Stephen Stills was born on January 3, 1945. Stills is a singer, songwriter, and multi-instrumentalist who has performed as a solo act and with several different bands. He's best known for his work in the late 1960s and early 1970s with Buffalo Springfield and Crosby, Stills & Nash.
Stills was born in Dallas. His father was in the military, so the family moved around a lot when Stills was young. They spent most of their time in the southeastern United States but also lived for a while in the Panama Canal Zone and in El Salvador.
After dropping out of college, Stills played in a variety of short-lived bands, and eventually wound up in New York. The club Cafe Au Go-Go was putting together a revue of the history of folk music in America, and Stills was hired to be part of the vocal ensemble for that show. America Sings ran for only two weeks, but the Au Go Go Singers stuck together for a while. They toured briefly in the eastern United States, and released one album before breaking up in 1965.
A few of the Singers formed a band called The Company, which toured Canada for a few weeks, and it was on that tour that Stills met Neil Young. The Company fell apart after only a few months, and Stills convinced his fellow Au Go Go alum Richie Furay to move with him to California. Stills and Furay connected there with Young, and the three formed the band Buffalo Springfield.
In the summer of 1966, Buffalo Springfield spent about two months as the house band at the West Hollywood club Whisky a Go-Go, which got them a lot of interest from record companies. Their first album came out in late 1966, and it included their biggest hit single, “For What It’s Worth,” inspired by the Sunset Strip curfew riots. Over the years, many people have come to believe that the song was a response to the shootings of college students by members of the Ohio National Guard at Kent State University, but those shootings didn’t happen until 1970. And by 1970, Buffalo Springfield had released two more albums—Buffalo Springfield Again and Last Time Around—and been broken up for two years.
In 1969, Stills formed what we would now call a supergroup, joining David Crosby (formerly of The Byrds) and Graham Nash (formerly of The Hollies) in Crosby, Stills & Nash. For their debut album, Stills played almost all of the instruments. Crosby and Nash handled lead guitar duties on the songs they’d written, but all of the bass and keyboards and much of the percussion were Stills.
The trio became a quartet for its second album Déjà Vu in 1970, with the addition of Neil Young. The singles from those first two CSN/CSNY albums were only modest chart hits at the time, but they are now staples of rock radio—“Marrakesh Express,” “Teach Your Children,” “Our House.” The group broke up later in 1970; Stills’ cocaine and alcohol abuse was a problem, and Stills and Nash had gotten caught up in a painful romantic triangle with Rita Coolidge.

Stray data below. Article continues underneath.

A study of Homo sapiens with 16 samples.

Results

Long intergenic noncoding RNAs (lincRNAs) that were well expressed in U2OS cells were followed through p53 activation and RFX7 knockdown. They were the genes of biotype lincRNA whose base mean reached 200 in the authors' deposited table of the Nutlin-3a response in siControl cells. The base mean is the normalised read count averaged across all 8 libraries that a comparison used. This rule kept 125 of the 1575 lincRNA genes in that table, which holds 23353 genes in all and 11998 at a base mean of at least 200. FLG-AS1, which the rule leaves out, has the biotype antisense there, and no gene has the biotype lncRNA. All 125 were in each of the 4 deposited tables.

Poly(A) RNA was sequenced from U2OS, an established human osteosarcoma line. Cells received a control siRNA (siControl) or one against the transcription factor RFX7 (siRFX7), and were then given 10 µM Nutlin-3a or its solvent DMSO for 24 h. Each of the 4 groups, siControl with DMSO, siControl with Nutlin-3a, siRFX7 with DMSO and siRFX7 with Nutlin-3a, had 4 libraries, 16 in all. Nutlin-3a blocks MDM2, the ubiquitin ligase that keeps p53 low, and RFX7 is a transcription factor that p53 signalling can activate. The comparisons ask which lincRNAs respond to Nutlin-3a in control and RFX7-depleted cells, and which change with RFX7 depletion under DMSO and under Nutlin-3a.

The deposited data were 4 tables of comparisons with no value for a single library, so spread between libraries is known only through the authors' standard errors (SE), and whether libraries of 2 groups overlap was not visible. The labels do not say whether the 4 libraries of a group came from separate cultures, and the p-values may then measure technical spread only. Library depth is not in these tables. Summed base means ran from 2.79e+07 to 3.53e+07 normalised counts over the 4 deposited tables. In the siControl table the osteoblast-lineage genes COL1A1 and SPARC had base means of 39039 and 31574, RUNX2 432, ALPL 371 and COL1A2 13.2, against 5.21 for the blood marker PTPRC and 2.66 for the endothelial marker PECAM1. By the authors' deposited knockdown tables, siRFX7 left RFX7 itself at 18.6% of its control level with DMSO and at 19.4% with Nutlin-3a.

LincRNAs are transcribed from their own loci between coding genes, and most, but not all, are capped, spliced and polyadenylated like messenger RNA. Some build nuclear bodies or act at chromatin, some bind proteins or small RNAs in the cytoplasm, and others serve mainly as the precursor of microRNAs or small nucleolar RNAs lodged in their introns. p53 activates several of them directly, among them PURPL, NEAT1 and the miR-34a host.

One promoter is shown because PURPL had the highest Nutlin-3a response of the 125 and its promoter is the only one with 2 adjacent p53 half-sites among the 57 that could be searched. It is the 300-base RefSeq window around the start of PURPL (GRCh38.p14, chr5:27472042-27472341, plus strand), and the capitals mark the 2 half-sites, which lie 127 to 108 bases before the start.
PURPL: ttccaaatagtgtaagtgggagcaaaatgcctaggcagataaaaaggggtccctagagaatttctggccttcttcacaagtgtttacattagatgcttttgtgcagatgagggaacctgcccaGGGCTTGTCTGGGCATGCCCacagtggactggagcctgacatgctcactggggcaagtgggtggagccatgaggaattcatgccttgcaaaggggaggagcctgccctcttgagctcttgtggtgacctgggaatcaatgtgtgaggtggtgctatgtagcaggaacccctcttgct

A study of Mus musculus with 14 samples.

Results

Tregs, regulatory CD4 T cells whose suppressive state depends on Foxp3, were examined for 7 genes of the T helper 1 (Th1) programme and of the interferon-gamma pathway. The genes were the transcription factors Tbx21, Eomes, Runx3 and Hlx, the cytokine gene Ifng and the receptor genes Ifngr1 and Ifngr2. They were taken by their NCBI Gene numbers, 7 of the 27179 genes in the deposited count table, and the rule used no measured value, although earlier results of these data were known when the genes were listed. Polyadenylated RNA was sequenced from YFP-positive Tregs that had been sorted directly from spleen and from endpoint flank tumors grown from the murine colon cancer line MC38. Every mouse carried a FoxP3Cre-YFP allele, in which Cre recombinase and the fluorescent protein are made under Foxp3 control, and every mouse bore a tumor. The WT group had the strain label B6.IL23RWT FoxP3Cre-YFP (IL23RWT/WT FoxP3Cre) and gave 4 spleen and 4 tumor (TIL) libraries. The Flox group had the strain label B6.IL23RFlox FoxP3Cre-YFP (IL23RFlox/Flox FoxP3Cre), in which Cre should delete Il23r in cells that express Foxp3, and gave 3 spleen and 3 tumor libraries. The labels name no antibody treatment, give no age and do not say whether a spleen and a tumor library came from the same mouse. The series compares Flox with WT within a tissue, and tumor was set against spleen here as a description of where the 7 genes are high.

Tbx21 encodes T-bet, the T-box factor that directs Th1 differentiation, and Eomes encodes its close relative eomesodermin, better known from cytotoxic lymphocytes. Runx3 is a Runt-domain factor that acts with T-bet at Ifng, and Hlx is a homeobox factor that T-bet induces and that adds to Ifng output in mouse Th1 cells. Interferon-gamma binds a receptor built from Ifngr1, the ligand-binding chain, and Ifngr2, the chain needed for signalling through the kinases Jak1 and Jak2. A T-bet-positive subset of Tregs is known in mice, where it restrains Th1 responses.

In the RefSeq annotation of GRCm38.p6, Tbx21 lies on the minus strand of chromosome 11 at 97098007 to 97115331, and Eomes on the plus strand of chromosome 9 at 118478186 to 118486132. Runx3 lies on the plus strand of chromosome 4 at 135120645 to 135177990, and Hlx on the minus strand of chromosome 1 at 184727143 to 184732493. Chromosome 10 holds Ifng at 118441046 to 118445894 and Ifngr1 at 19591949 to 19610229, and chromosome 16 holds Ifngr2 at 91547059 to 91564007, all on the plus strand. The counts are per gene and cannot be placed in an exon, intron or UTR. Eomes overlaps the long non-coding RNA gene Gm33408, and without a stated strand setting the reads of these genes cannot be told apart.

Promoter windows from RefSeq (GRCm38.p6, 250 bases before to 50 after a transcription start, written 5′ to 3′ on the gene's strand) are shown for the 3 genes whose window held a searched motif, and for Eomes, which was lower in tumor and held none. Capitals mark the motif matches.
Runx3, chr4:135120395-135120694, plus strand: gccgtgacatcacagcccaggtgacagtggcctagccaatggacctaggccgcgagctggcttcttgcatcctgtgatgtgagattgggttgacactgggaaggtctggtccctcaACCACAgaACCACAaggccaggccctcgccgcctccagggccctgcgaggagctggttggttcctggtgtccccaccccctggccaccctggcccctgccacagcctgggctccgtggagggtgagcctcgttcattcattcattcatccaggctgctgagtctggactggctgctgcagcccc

Stills recorded his first solo album, which also came out in 1970. He recruited an impressive group of musicians to help him. Crosby and Nash both provided backing vocals, as did Coolidge, John Sebastian, and Cass Elliot. Jimi Hendrix and Eric Clapton both showed up on guitar, Ringo Starr played the drums on a couple of tracks, and Booker T. Jones helped out on keyboards. The album generated Stills’ only major hit single as a solo act, ”Love the One You’re With.”
In 1971, Stills formed yet another band, with yet another former member of a major 60s band, Chris Hillman of The Byrds. Manassas released two albums, Manassas and Down the Road. The albums were more successful critically than commercially, and some critics argue that Manassas is one of the most unfairly overlooked bands of the 1970s.
By 1974, the members of CSNY had resolved their differences sufficiently to go on tour together, and they began recording an album in 1976. Crosby and Nash abandoned the project midway through, going so far as to erase the vocal tracks they’d already recorded. Stills and Young kept working, and released Long May You Run, credited to The Stills-Young Band. (Meanwhile, in the same Miami recording studio, the Bee Gees were working on songs for Saturday Night Fever; Stills popped in to lay down some percussion tracks on “You Should Be Dancing.”)
Crosby, Stills, and Nash (without Young this time) reunited again in 1977. Their next two albums, 1977’s CSN and 1982’s Daylight Again, gave them their only top ten pop singles, “Just a Song Before I Go” and “Wasted on the Way.” The group continued to record an album every few years—sometimes joined by Young—until the mid-2010s, with occasional success. The 1988 CSNY album American Dream sent the single “Got It Made” to #1 on the Modern Rock chart.
In 1979, Stills became one fo the first artists to record an album digitally, but Southern Cross was never released; his record label thought it was too uncommercial.
Stills gained a unique distinction in 1997, becoming the only person to be inducted into the Rock & Roll Hall of Fame twice on the same night, as Buffalo Springfield and Crosby, Stills & Nash were both honored.
In 2005, Stills released Man Alive!, his first solo album in 14 years. And in 2013, he formed one more band; The Rides are a blues band, and they’ve released two albums so far.
In the mid-2010s, another round of personal conflict broke up Crosby, Stills, Nash & Young. Nash said he thought that the group would probably never perform together again, but in more recent interviews, Young has suggested that the group could someday reconcile.
Stills’s most recent album was released in 2017. Everybody Knows is a duet album with Judy Collins, taking Stills almost full circle to the beginning of his career; the song “Suite: Judy Blue Eyes,” from the first CSN album, was inspired by the late 60s romance between Stills and Collins.